It's not often you get a direct descendant from the Donner Party playing a show right in the location of where the ill fated journey ran into an act of God so severe, it made history that would jolt the new world and for generations to come. This year we have quite the surprise as Shelby Cobra from Shelby Cobra and the Mustangs will take the stage to open up Saturday night. It doesn't get anymore outlaw or solid country gold than Shelby Cobra.
As we know approximately half of the Donner Party starved or were killed by cold in a stormy winter. The documentary of this event has produced a human saga of the ultimate in suffering, despair, and courage exceeding the extraordinary. Shelby's uncle was kind enough to give us some more of the story of their relative, William H Eddy, who saw what true hell was like and met the devil himself right here in these woods. Reader discretion is advised.
William H. Eddy was identified by George R. Stewart in his book, Ordeal by Hunger, as a carriage maker from Illinois. He was about 28 years of age in 1846 when he joined a wagon train from Springfield, Illinois bound for the Sacramento valley in California, the infamous Donner Party. Eddy was chronicled as a hero who demonstrated honesty in dealing with others, unselfishness in the face of inhuman callousness, courage beyond limit, and endurance greater than any man should ever be expected to demonstrate. Stewart wrote, "He was... rough-and-ready, no man to be trifled with in a quarrel and for the same reason a man to be counted on in a pinch. He was enterprising, straightforward, and much liked in the company. Among them all he seems to have been the best hunter and the most skilled in the arts of the frontiersmen."
After he and his family were trapped for some time, dying of starvation, Eddy, half dead as he was went looking for help. After days of wandering he came across Indians that helped him get to Ritter house at Johnson's Ranch in the Sacramento Valley. His trail of blood in the snow was used by rescue parties to retrace his journey. But Eddy wouldn't rest, he had to get back to save his wife and two children. Before he could recover he organized relief party attempting a rescue for his family and the other unfortunate settlers. It must have been a bitter defeat upon arriving at the campsite to learn that his baby daughter had died of starvation, followed by his wife, and next his son who was neglected with no one left to care for him. Even more devastating must have been the confession of one of the camp survivors, named Lewis Keseberg, that he had eaten the body of the young boy James P. Eddy. Considerable evidence existed from hearsay that he might have killed the child first. Other survivors accused him of killing and eating another child of the same age named Georgie Foster. Eddy was was a hero in a lost cause. He served his traveling companions with all he had, but received a most inhumanly callous reward in return.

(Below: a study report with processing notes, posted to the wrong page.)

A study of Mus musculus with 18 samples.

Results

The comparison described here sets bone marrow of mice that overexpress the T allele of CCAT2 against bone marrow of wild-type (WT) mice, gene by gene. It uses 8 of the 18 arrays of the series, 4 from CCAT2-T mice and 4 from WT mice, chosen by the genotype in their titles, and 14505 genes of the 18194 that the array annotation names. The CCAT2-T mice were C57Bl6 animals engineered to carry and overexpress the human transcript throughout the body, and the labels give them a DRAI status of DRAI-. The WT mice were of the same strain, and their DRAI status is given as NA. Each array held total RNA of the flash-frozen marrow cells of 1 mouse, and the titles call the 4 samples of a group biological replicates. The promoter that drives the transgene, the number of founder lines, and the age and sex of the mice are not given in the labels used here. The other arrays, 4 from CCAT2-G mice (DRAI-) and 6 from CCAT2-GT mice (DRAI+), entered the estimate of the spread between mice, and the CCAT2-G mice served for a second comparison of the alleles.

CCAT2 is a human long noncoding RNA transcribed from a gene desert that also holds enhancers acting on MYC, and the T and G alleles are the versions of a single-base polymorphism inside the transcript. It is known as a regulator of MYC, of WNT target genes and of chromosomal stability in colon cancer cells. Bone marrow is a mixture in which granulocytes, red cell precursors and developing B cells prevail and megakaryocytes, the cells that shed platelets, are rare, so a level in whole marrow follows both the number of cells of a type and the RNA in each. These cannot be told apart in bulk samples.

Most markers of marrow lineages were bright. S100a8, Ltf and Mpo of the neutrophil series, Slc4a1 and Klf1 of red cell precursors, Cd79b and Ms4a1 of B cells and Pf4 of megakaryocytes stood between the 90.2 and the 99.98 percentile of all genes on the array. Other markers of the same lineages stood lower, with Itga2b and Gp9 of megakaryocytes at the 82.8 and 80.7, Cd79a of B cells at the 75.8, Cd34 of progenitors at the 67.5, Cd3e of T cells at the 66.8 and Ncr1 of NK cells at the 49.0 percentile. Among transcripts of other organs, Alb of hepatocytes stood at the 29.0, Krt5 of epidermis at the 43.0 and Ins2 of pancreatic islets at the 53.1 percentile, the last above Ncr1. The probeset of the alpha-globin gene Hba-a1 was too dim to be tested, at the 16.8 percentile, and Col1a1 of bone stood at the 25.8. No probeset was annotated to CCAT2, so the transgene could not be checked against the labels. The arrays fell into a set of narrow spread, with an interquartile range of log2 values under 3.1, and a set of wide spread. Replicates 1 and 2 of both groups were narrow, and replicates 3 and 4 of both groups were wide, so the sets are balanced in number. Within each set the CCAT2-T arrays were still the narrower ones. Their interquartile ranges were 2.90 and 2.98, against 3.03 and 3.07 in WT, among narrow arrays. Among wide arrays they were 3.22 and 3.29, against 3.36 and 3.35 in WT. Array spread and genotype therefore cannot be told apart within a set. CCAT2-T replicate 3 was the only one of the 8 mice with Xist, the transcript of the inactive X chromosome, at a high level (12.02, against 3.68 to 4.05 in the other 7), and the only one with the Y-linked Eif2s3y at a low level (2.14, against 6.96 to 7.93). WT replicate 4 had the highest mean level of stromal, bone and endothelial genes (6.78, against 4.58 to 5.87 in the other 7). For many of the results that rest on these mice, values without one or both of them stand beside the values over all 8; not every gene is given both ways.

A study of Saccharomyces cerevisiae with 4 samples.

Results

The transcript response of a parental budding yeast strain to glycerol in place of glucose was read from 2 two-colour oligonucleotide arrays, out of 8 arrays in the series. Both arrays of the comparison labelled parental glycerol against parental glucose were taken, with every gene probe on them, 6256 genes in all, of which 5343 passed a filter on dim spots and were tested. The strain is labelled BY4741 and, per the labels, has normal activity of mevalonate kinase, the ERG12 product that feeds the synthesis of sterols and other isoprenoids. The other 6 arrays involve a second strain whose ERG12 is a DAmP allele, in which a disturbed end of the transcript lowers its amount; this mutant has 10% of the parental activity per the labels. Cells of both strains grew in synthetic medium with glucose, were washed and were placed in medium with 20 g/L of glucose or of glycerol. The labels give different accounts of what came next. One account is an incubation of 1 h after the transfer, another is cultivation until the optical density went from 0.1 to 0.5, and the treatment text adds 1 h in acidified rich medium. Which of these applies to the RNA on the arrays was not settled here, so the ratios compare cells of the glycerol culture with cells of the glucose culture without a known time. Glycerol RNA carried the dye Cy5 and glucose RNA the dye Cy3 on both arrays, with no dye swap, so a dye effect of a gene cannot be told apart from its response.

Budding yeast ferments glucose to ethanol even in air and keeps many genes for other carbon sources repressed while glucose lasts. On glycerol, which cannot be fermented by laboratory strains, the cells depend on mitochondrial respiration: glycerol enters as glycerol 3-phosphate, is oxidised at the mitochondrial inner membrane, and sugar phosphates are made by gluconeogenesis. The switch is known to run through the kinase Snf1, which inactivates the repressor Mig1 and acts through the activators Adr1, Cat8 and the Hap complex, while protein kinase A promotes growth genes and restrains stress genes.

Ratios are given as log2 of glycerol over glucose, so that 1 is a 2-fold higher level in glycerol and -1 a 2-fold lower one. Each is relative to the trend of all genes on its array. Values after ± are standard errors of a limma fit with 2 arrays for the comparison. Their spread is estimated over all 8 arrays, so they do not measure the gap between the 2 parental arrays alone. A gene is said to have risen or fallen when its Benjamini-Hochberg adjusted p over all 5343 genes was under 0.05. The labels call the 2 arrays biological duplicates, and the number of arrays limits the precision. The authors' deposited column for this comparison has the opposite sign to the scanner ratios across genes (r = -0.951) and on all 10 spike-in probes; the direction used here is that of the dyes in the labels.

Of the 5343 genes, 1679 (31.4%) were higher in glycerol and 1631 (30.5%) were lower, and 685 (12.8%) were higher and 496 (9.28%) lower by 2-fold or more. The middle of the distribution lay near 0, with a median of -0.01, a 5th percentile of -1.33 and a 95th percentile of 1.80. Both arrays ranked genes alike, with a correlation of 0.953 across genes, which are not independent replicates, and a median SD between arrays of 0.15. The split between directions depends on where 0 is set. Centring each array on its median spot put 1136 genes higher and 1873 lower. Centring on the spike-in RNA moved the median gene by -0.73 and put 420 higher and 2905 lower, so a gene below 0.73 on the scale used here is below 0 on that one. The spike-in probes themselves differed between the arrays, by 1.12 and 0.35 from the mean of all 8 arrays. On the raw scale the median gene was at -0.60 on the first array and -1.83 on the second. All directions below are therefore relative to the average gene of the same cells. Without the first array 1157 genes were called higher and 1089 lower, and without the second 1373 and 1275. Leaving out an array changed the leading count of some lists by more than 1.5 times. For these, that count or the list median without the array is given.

It was later claimed that Keseberg was the first member of the party to resort to cannibalism. Some people believed he was involved in the deaths of other children including George Foster and Tamsen Donner. After he was rescued Keseberg sued for slander but was only granted $1 and forced to pay the costs of the court. He was cursed for the rest of his life suffering countless tragedies until old age. Kenseberg died penniless and alone in Sacramento in 1895.
In 1848 Eddy married again in Gilroy, California. The marriage was not a success and following a divorce he married for a third time in 1856. William Eddy died on 24th December, 1859 at the age of 43.
As for the rest of the party, forty-two emigrants and two Indian guides had died. However, the remaining forty-seven travellers survived.